Tesla originally said that it isn’t including the Model 3 in the referral program because it is a demand lever and Tesla doesn’t need more demand for the Model 3.

That has changed this week as Tesla added the Performance version of the Model 3 to the program with a big incentive – raising questions about demand.

As we reported last night, Tesla added Model 3 Performance to the referral program with unlimited free supercharging for new orders until September 16th.

It’s an incentive that at one point Tesla was selling for over $2,000.

Now the company is including it in the cost of the Model 3 Performance when buyers use a referral code, which was already the case for the Model S and Model X and results in virtually all buyers using a referral code to take advantage of the incentive.

It comes after Tesla pushed back Model 3 delivery windows on new orders last week – indicating that Tesla had enough orders for the next 2 months.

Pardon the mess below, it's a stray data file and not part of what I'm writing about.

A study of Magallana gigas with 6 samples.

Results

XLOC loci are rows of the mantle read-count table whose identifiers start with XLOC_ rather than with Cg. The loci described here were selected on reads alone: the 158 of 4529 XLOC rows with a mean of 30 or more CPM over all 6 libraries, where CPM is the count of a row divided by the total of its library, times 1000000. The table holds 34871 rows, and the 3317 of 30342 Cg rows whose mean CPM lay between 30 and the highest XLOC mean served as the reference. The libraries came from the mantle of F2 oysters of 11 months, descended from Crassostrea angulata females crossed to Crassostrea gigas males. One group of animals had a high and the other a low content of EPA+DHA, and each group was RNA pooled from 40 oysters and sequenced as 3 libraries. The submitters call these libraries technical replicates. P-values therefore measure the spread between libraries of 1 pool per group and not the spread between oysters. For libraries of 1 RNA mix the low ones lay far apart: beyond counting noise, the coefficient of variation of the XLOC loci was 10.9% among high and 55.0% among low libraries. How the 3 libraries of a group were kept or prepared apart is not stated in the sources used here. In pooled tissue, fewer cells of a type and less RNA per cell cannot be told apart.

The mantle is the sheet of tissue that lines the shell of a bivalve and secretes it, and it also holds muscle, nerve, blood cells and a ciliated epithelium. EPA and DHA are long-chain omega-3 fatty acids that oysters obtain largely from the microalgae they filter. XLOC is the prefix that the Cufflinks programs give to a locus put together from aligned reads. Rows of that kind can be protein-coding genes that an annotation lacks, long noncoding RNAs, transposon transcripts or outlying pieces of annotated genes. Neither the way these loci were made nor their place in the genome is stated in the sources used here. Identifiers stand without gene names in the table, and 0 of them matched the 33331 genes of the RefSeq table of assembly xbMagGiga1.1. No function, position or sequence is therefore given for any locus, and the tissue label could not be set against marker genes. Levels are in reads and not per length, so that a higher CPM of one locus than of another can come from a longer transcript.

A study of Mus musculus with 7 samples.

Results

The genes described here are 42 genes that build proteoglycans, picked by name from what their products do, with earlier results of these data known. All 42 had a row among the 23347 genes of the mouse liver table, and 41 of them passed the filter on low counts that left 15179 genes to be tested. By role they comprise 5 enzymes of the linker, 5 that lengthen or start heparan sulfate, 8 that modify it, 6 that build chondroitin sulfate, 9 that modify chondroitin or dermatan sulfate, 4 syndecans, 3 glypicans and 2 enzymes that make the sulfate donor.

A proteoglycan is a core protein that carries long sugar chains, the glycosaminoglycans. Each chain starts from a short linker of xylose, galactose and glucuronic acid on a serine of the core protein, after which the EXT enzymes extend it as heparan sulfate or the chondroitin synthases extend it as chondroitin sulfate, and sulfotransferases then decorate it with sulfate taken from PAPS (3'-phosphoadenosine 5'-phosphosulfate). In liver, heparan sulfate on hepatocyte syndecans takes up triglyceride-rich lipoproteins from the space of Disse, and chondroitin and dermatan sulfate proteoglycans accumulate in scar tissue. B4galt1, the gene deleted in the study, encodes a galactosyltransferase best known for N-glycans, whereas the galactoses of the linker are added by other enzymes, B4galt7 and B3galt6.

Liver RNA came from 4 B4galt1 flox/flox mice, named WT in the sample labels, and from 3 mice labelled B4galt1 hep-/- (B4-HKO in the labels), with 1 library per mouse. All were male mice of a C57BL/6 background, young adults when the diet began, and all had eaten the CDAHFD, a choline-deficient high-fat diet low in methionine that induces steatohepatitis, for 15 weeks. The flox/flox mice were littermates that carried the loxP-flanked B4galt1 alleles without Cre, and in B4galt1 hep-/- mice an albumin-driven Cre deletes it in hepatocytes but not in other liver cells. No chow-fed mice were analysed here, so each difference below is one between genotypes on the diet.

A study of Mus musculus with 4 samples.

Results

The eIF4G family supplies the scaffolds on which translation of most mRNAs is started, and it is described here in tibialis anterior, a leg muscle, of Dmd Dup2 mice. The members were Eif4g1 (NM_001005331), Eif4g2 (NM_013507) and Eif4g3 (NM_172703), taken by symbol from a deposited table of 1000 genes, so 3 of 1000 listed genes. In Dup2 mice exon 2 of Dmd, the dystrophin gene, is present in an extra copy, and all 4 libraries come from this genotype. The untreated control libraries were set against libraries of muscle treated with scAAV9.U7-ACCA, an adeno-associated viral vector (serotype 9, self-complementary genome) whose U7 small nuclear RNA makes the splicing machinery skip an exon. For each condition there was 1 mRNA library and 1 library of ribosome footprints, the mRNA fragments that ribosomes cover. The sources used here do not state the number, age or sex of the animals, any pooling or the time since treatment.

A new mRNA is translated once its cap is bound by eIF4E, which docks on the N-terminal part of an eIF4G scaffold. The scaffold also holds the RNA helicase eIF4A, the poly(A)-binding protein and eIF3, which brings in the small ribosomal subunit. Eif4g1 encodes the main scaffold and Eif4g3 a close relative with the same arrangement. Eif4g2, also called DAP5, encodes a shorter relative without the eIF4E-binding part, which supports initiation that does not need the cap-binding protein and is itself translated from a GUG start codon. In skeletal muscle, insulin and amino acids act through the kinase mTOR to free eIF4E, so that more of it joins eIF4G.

As of last month, Tesla said that it still has about 420,000 reservations for the Model 3 worldwide, but the vehicle is currently only being delivered in the US and Canada.

Electrek’s Take

As we discussed when Tesla pushed back Model 3 delivery windows, I think Tesla is still experimenting on what demand lever to pull to maintain an order rate that matches the recently increased production rate.

Tesla actually warned last month that they believed the Model 3 new order rate would soon exceed the production rate after they started test drives, which began last month.

It looks like it actually happened – at least briefly. Elon Musk said that Tesla had over 7,000 new orders (5,000 Model 3’s and 2,000 S/X) in a single week last month.

But there’s no doubt that Tesla has now felt the need to pull another demand lever – albeit only for the Model 3 Performance.

I honestly didn’t think Tesla would need to add such an incentive like that to boost demand for the vehicle. Especially now that they are trying to become profitable in the second half of the year. While it doesn’t seem like a direct incentive that would affect the gross margin, they will actually have to put aside some revenue for the Supercharger network from those sales.

I am not overly worried about demand for the Model 3, but I certainly think it raises questions since Tesla itself said that they wouldn’t include the Model 3 in the referral program until they need to generate demand. I would like Tesla to release some details about the breakdown of orders between the different versions and today’s earnings call would be a good occasion to clear the air.

What do you think? Let us know in the comment section below.